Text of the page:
The stars of the Guardians of the Galaxy film franchise have publicly backed a campaign to get the director James Gunn reinstated to the third film in the series. Disney sacked him ten days ago, after offensive tweets, written in 2008, re-emerged.
Since the Harvey Weinstein scandal broke last October, the Hollywood establishment has been quick to respond to suggestions of harassment, sexism or racism within the industry. One of the most high profile examples has been the ABC network firing Roseanne Barr for series of offensive tweets about a former adviser to President Obama, which likened her to a monkey.
With similar speed, on the same day that the director James Gunn’s ten year old tweets – making jokes about rape and paedophilia – resurfaced, Disney sacked him.
The studio’s chairman said the tweets were “indefensible” and inconsistent with its values. Gunn – who’d written and directed the first two films in the Guardians of the Galaxy series – said he regretted his failed attempts to be provocative – and insisted that they didn’t reflect who he was now.
In the days that followed, a number of Hollywood figures backed him, including Guardians star Dave Bautista and the actress Selma Blair, who said his compassion had helped her reveal her experiences of harassment during the height of the #MeToo campaign. And an online petition to reinstate him has received more than three hundred and forty thousand signatures.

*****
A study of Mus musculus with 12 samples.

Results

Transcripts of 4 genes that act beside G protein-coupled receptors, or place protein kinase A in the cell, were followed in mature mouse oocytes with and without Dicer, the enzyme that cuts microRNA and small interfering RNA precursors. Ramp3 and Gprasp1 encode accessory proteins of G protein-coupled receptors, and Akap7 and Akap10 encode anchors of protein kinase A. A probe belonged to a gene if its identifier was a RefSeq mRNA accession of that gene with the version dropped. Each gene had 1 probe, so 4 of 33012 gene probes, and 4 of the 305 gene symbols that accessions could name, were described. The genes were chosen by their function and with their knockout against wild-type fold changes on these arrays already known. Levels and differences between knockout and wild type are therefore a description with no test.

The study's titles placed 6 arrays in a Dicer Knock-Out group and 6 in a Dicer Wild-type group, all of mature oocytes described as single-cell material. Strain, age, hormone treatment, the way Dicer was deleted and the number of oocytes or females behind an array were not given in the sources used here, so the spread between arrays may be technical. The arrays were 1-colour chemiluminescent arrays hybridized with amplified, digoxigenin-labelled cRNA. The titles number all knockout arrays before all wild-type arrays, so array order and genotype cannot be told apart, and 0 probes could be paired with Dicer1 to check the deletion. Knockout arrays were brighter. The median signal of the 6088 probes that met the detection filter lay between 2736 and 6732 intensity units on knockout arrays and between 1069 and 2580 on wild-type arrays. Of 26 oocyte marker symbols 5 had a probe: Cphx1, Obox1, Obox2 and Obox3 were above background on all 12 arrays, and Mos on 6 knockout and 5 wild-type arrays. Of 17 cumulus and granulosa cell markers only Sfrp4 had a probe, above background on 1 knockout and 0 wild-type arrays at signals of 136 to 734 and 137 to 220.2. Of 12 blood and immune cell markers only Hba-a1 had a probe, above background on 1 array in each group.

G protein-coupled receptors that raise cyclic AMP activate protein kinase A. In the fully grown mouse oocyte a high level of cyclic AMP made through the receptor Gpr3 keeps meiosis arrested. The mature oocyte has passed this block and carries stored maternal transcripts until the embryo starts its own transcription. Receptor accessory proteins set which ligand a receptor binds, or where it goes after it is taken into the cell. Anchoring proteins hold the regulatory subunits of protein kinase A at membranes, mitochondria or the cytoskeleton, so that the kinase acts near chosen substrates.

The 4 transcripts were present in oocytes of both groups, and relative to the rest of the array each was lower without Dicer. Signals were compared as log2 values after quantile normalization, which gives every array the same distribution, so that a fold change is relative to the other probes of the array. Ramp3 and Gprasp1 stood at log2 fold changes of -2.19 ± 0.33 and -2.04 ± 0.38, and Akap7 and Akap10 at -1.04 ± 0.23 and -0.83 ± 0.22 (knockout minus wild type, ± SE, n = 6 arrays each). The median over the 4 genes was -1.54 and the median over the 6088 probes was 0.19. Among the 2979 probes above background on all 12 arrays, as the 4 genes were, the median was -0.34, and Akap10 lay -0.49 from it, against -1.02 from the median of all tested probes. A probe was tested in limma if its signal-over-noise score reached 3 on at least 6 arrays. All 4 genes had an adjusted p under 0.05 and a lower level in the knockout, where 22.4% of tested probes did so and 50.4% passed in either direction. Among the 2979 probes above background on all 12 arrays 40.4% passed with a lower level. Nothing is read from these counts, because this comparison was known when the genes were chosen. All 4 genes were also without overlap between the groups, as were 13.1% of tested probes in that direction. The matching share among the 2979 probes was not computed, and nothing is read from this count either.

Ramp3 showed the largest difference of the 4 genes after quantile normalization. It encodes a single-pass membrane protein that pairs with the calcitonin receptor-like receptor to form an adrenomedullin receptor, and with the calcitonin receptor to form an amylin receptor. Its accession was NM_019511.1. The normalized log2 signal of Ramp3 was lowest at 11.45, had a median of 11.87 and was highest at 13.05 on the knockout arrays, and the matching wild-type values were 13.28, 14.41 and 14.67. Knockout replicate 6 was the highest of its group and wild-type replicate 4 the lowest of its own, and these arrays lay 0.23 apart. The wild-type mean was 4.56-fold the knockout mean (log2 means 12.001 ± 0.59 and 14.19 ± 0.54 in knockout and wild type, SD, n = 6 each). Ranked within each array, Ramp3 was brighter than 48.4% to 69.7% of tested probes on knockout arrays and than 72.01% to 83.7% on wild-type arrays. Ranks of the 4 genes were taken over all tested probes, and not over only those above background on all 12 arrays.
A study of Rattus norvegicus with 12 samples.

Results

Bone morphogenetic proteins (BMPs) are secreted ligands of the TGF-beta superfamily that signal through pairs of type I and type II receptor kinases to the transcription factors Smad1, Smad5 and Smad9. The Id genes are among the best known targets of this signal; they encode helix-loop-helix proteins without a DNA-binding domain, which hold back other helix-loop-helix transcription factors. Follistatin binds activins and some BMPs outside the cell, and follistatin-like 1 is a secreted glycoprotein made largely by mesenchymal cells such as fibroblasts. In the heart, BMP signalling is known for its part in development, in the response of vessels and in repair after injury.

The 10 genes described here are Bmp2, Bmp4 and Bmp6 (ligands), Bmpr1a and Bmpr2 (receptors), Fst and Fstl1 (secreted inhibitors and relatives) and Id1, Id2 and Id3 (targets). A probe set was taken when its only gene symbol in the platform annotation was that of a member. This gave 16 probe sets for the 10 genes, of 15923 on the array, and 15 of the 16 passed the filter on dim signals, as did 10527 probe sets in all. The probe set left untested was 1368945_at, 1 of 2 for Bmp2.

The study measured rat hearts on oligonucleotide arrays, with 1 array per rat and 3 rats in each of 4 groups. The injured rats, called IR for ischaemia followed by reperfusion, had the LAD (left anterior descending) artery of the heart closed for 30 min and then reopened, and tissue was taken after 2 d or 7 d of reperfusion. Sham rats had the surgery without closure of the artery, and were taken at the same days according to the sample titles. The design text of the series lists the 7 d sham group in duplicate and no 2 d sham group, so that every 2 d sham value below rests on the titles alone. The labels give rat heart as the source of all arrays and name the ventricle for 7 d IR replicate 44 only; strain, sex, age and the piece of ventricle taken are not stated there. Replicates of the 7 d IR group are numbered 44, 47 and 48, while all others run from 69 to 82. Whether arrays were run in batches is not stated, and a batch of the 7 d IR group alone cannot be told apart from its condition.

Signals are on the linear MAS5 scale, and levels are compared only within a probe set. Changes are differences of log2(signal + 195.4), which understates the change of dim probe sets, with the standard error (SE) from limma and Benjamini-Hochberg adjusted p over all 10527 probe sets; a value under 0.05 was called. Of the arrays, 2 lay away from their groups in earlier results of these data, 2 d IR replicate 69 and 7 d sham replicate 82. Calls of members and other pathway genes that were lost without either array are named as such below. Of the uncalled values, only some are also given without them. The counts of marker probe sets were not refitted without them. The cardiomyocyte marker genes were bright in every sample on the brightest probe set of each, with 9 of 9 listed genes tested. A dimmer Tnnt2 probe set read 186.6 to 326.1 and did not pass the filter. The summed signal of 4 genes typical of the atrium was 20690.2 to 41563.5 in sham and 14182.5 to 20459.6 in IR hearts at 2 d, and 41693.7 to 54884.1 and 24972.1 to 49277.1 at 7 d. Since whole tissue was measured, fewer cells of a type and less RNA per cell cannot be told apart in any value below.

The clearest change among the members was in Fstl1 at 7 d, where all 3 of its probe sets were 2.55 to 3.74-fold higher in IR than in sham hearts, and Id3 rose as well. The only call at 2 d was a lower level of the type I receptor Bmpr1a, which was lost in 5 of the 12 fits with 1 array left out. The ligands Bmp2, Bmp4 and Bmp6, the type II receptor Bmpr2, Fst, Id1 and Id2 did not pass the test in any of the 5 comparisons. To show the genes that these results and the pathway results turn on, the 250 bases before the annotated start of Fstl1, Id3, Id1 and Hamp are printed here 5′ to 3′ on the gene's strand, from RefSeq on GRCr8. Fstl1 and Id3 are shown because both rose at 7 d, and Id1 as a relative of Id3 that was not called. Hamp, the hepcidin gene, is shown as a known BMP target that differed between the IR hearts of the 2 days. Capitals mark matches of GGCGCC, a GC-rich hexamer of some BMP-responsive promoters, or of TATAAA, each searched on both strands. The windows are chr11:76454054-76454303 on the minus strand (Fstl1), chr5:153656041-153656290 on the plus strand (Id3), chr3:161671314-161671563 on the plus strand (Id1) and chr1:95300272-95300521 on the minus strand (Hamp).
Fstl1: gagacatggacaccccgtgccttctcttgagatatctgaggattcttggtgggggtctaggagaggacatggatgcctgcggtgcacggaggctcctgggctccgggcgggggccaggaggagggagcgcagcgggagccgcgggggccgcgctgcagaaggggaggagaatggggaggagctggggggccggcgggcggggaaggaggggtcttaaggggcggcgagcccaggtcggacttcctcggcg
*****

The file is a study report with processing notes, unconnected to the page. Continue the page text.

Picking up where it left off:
Tonight, in an open letter, nine of the main cast members – including Chris Pratt, Bradley Cooper, Vin Diesel, Zoë Saldaña and Karen Gillan – said they fully supported him, praising his heart and character. They said it had been an honour working for him and said they’d been encouraged by the outpouring of support for him.
Gunn had publicly criticised Donald Trump and his old tweets were exposed by a conservative blogger, Mike Cernovich, prompting the cast to urge Americans from across the political spectrum to stop weaponising mob mentality.
Illustrative of their concerns, since Gunn’s sacking, two other prominent liberals in Hollywood have found themselves in hot water in similar circumstances. Dan Harmon, the creator of Ricky and Morty, apologised after an old sketch resurfaced, in which in appears to rape a baby doll. And the host of the satirical Daily Show, Trevor Noah, saw an old stand-up routine of his posted online, in which he made offensive jokes about aboriginal women in Australia.
In their open letter, the Guardians of the Galaxy cast said their was little due process in the court of public opinion and noted that it was unlikely that Gunn would be “the last good person put on trial.” They said they each looked “forward to working with our friend James again in the future. His story isn’t over – not by a long shot.”
Hollywood is finding itself in the cross-hairs of a number of very different gun-fights, as political activists take advantage of #MeToo and #OscarsSoWhite sensitivities in Tinseltown, with liberals using social media to target conservatives and conservatives uncovering old material to try to topple liberals, all against the backdrop of an industry that already has an itchy trigger finger, keen to prevent any more scandals that could tarnish its image.